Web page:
Fixing AI bias – using AI
Suzanne Locke 16 January 2024
Bias in computer code is not new; back in 1988, the UK Commission for Racial Equality found a British medical school guilty of discrimination because the programme it was using to pick out interviewees from job applicants was biased against women and people with non-European names.
Twenty years later, Amazon also had to stop using a hiring algorithm after finding it was favouring male applicants who used words like ‘executed’ or ‘captured’.
But the most visible form of bias in artificial intelligence is in imagery itself.
‘85% of AI projects biased’
A 2018 Gartner report
predicted that right up to 2030, 85 percent of AI projcts would still produce false results caused by bias – bias either built into the algorithms or biases in the AI team members.
When new AI imaging tools such as DALL-E, Midjourney and Stable Diffusion are asked to create artificial images of a chief executive (CEO) or a doctor, a firefighter or an astronaut, a founder or a president – the pictures they produce are of men.
When asked to create AI imagery of a nurse, an assistant or a flight attendant? Now the AI tools picture a woman.
97% of CEO images are of white men
We asked ChatGPT, another tool in OpenAI’s stable, why this happens.
You: Why is using AI to create images a problem for gender balance at work?
Billions of data fragments training AI
ChatGPT.ai: Using AI to create images can be a problem for gender balance at work if the AI is trained on a dataset that is biased towards one gender. For example, if an AI is trained on a dataset that contains mostly images of men in professional settings, it may have difficulty accurately generating images of women in similar settings. This can perpetuate gender stereotypes and make it more difficult for women to be represented in the workplace. It is important to ensure that the datasets used to train AI are diverse and representative of all genders to avoid perpetuating biases and to promote gender balance in the workplace.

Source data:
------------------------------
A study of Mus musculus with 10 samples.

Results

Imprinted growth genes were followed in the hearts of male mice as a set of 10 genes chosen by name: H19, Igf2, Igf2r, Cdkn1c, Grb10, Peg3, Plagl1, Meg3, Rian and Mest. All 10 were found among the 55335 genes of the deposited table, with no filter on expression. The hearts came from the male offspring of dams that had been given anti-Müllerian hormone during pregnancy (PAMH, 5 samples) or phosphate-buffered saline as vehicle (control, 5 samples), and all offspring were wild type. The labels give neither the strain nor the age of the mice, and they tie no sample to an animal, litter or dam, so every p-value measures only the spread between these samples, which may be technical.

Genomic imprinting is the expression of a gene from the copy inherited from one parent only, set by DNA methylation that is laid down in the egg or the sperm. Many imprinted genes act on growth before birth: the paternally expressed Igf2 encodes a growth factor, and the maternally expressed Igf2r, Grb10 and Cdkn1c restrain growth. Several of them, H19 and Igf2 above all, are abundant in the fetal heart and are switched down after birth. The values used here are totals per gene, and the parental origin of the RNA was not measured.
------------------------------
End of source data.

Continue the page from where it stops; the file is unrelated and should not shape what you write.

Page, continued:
AI tools are trained on billions and billions of fragments of data and images scraped from the internet. They use the file names, descriptions and other meta data uploaded along with the image to understand what is contained within the image. [Link to accessibility article]
If that image – and thousands or billions of others uploaded in the 40-year history of the internet – shows a male CEO, that is what AI presumes a CEO looks like.
AI amplifies society’s prejudices
AI is simply reflecting – and then amplifying – society’s prejudices and stereotypes around gender, race, culture and age.
Professor images mostly male
Midjourney’s AI-generated pictures of professors, courtesy Reddit
Midjourney created 22 images: 15 were male and seven female. The women professors it created operated in roles such as anthropology, art history and gender studies. However, the male professors it imagined worked in STEM (science, technology, engineering and maths) and business subjects.
Fixing the bAIs is a very visual representation of what’s wrong, and makes systemic issues and the unconscious bias very easy to understand.
Diana Wilde, co-founder Aurora50
This is where Fixing the bAIs
comes in. Aurora50 has worked to produce an AI tool that can fix its own bias.
Vast image bank of women in work
Fixing the bAIs is a vast image bank of women in various professions, to teach AI that women can be engineers, mathematicians, CEOs and more – and that men can work in professions such as nursing.
Gender is removed from the file names, tags and descriptions.
All of our images are royalty- and rights-free, and we encourage you to download and use them on the internet so that diversity in jobs becomes commonplace in public images.
Countries implementing AI rule of law
Fixing the bAIs has won a clutch of international awards – bronze at the Epica Awards, three golds, a silver and a bronze at the Cresta Awards and three silvers at the Gerety Awards.
Images of CEOs from Fixing the bAIs
Presented at the United Nations, Fixing the bAIs has been called a “concrete solution” to “eradicate gender bias”.
Visual representation of what’s wrong
“Fixing the bAIs is a concrete solution to eradicate gender bias in artificial intelligence,” says Jana Novohradska, an AI consultant, UNESCO representative for Slovak and gender equality rapporteur for the Council of Europe’s AI committee.
Aurora50 co-founder Diana Wilde says: “AI learns from us and we have unconscious biases
. When algorithms are learning from us, they are also bringing those biases into AI.
“Fixing the bAIs is a very visual representation of what’s wrong, and makes systemic issues and the unconscious bias very easy to understand.”